Editor’s note: This originally appeared in the Fall 2007 Alumni Record
Alumni Spotlight: Andy Griffiths ’58
Defined by his education, Andy Griffiths is an electrical engineer. Defined by his current occupation, he is a college administrator and part-time teacher. Defined by his life, he is a lot of different people. He has computer expertise and financial management experience. He co-founded a nonprofit business focusing on prison reform. He has worked for both state and federal government agencies and two educational institutions. He spent a quarter of a century working for a public television station and now, as noted, is an educator and administrator – and a farmer. So where to begin telling his story?
Griffiths’ engineering degrees are from Brown and Northeastern universities. He has lived in New England most of his adult life. Early in his career, during the Vietnam War, he left a consulting job to get away from military-related business, and went to work for MIT’s Lincoln Laboratory. He left that job to start his prison reform nonprofit firm.
“The academic side of my Reserve education was superlative,” Griffiths says, “but the elitist values that prevailed at Reserve at that time were hard for me to deal with. Such values do not help when trying to solve the problems of the world or trying to understand how we fit in it.” His work with prison reform, he says, opened his eyes to aspects of life that he had not previously known. It was during his time at the EPA when he and his wife were forced to deal with the saddest of family events – the death of their 6-year-old son. They agreed that it was time for a change in their lives, and as Griffiths explains, “Life in Washington, D.C., with the EPA was not that exciting anyway.”
What did excite Griffiths was an opening at WGBH, the well-known and innovative PBS television station in Boston, along with its NPR radio affiliate. He interviewed for and accepted the position of vice president of finance and administration. And there he remained for the next 25 years, until 2004.
At WGBH, Griffiths found a whole new set of challenges with which to deal. Of course, money was at the heart of most of them; and political issues were, as well. “Most of dealing with finances is problem solving, dealing with people and clarifying their priorities,” Griffiths says. “I had to maintain a good relationship with PBS headquarters in Washington, trying to identify our common goals of producing the best programming for the public system, since they provided a substantial amount of our budget. The issue was their desire for more centralized control over PBS stations and our desire for more local and editorial autonomy.”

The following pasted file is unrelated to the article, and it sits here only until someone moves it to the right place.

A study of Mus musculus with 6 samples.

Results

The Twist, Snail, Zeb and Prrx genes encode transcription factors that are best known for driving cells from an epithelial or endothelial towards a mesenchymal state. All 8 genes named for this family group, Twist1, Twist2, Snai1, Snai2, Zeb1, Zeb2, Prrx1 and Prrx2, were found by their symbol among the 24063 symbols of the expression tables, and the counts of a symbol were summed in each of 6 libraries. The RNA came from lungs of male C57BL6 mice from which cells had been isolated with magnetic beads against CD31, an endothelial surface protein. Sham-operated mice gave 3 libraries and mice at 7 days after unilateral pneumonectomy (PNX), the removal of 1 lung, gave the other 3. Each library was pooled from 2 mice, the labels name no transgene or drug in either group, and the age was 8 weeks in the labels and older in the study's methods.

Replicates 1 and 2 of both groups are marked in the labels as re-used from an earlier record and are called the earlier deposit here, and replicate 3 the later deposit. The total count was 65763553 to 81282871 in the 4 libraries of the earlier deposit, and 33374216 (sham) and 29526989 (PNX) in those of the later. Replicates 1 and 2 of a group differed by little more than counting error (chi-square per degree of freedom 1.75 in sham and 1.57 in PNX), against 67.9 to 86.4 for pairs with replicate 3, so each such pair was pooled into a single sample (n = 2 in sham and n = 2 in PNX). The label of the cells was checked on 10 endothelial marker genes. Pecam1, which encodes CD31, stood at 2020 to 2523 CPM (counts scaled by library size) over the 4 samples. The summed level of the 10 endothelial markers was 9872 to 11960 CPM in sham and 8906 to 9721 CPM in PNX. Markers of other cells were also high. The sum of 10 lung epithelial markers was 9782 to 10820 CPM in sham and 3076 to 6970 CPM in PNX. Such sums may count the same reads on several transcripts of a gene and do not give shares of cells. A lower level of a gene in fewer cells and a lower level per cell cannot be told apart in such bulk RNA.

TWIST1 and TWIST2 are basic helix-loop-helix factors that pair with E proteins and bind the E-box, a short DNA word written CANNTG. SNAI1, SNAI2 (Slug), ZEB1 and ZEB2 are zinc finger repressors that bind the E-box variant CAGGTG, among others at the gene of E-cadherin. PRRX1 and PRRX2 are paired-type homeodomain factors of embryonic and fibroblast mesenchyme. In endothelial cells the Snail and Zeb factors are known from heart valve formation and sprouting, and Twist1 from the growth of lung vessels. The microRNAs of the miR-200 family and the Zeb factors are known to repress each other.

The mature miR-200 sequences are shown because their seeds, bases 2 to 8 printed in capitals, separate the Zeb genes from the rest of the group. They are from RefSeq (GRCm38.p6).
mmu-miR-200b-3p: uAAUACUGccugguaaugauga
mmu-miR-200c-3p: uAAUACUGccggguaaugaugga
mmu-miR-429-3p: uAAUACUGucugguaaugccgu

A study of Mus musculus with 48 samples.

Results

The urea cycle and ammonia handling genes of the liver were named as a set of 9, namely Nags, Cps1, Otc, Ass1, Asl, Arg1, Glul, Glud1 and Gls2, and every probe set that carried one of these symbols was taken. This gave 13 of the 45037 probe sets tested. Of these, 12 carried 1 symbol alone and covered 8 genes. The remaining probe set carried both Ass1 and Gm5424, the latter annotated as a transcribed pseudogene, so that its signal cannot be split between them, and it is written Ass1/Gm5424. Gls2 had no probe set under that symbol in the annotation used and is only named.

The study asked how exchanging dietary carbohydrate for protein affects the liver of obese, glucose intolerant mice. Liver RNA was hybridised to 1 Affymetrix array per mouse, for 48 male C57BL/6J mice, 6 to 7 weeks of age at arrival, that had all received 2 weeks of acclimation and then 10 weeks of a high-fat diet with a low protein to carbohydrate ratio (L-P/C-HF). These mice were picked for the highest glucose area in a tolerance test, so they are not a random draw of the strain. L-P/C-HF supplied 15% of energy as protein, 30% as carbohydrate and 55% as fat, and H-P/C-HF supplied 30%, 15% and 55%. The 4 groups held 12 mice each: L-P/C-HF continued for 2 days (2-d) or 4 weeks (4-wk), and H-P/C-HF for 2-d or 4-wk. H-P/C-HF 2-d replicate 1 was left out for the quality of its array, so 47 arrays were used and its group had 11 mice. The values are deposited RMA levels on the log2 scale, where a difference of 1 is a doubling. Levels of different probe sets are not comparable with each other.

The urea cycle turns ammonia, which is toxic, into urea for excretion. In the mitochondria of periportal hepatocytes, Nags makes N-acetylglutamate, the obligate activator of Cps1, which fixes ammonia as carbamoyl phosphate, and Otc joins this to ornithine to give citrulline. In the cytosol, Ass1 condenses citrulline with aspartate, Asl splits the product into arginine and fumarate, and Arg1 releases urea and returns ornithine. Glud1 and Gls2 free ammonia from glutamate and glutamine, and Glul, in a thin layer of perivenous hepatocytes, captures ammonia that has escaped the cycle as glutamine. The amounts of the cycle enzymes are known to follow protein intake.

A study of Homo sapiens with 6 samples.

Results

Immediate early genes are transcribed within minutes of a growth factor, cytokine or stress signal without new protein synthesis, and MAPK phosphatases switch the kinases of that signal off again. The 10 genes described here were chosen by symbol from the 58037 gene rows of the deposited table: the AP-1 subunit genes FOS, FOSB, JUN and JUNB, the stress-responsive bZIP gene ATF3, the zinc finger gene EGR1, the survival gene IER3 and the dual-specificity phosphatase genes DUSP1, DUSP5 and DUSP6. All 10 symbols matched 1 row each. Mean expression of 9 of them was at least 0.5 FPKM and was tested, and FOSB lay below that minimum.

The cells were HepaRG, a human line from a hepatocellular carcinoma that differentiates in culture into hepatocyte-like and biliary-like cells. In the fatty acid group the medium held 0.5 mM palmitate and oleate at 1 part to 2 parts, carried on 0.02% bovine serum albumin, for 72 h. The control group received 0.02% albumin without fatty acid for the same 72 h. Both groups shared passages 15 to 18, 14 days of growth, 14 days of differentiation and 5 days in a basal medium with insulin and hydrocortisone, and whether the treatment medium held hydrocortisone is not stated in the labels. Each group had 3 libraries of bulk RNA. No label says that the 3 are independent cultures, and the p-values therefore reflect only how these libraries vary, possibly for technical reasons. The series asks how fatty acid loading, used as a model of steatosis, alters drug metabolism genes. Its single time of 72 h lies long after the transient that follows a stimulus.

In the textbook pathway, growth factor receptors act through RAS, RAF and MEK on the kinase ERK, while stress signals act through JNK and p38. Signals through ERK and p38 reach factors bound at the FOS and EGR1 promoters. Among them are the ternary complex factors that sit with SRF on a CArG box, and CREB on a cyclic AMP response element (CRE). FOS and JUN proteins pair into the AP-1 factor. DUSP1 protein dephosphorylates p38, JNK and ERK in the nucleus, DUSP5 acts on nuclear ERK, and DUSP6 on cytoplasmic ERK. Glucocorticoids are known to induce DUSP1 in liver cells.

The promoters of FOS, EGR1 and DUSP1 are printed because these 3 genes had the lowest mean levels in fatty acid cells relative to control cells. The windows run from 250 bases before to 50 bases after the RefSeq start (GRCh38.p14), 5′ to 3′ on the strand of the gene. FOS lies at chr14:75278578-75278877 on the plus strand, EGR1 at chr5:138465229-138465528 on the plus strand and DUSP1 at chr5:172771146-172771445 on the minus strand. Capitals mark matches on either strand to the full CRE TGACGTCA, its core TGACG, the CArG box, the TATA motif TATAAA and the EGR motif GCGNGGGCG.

Griffiths also had to deal with another issue when Harvard University wanted to purchase the WGBH property. “We had to move, and because of the cost of property in the Boston area, it was a big financial challenge for us and a community relations issue for the university. Finding common ground and satisfying the many stakeholders in both institutions was a long, drawn-out, but ultimately satisfying experience.”
Although no longer affiliated with WGBH, Griffiths still has high praise for public television programming. “In some respects, such as corporate underwriting, the gap between public and commercial television is closing,” he acknowledges, “but it still provides higher quality programming with more depth.” Among the popular PBS shows produced by the station during Griffiths’ tenure were This Old House, The New Yankee Workshop, The Victory Garden, Masterpiece Theater, Mystery, Antiques Roadshow, Frontline, Nova, Arthur and Zoom. Julia Child’s cooking program also originated at WGBH.
After 25 years at the television station, Griffiths decided that it was time to move on. “I did not want to retire, though, so I looked at alternatives. Working at a college seemed like an exciting idea to me,” he says. So, now he does, as administrative dean of the College of the Atlantic in Bar Harbor, Maine. There, he handles administration, planning and finance – familiar duties for the former electrical engineer. He also is a lecturer on topics relating to management and nonprofit organizations. Griffiths has also lectured at Brown, Harvard’s Kennedy School and Babson.
For those unfamiliar with the College of the Atlantic, it is not your typical college. It is small (300 students). It has one major (human ecology). It enables students to design their own courses of study. As Reserve did prior to the 1960s, the College of the Atlantic operates its own farm, and that farm reports to Griffiths.
“In many ways, the college feels very much like Reserve,” Griffiths notes. “There are only 30 on the faculty and so there is a great sense of community. Unlike the Reserve of the 1950s there is a great sense of idealism. Also similar to Reserve, the curriculum is divided between the disciplines of science, fine arts and liberal arts.”
Perhaps it was Griffiths’ educational experience at Reserve that called him to academia after so many years. “When I left for Brown, college was easy for me for the first two years because of Reserve. My years at Reserve were among the most intense in my life and it certainly instilled in us a sense of discipline. For example, Max LaBorde’s English grammar lessons gave me great confidence. I still recall Scotch (Ralph McGill) checking up on us, as well as my close relationship with Robbie (Irving Robinson) and the coaching of Bucky Harris.
“Reserve also gave me an appreciation for teaching. For years I had thoughts of becoming a teacher. That led me to participate in the volunteer programs in the prison, preceding the formation of our nonprofit company, the principal focus of which was training.”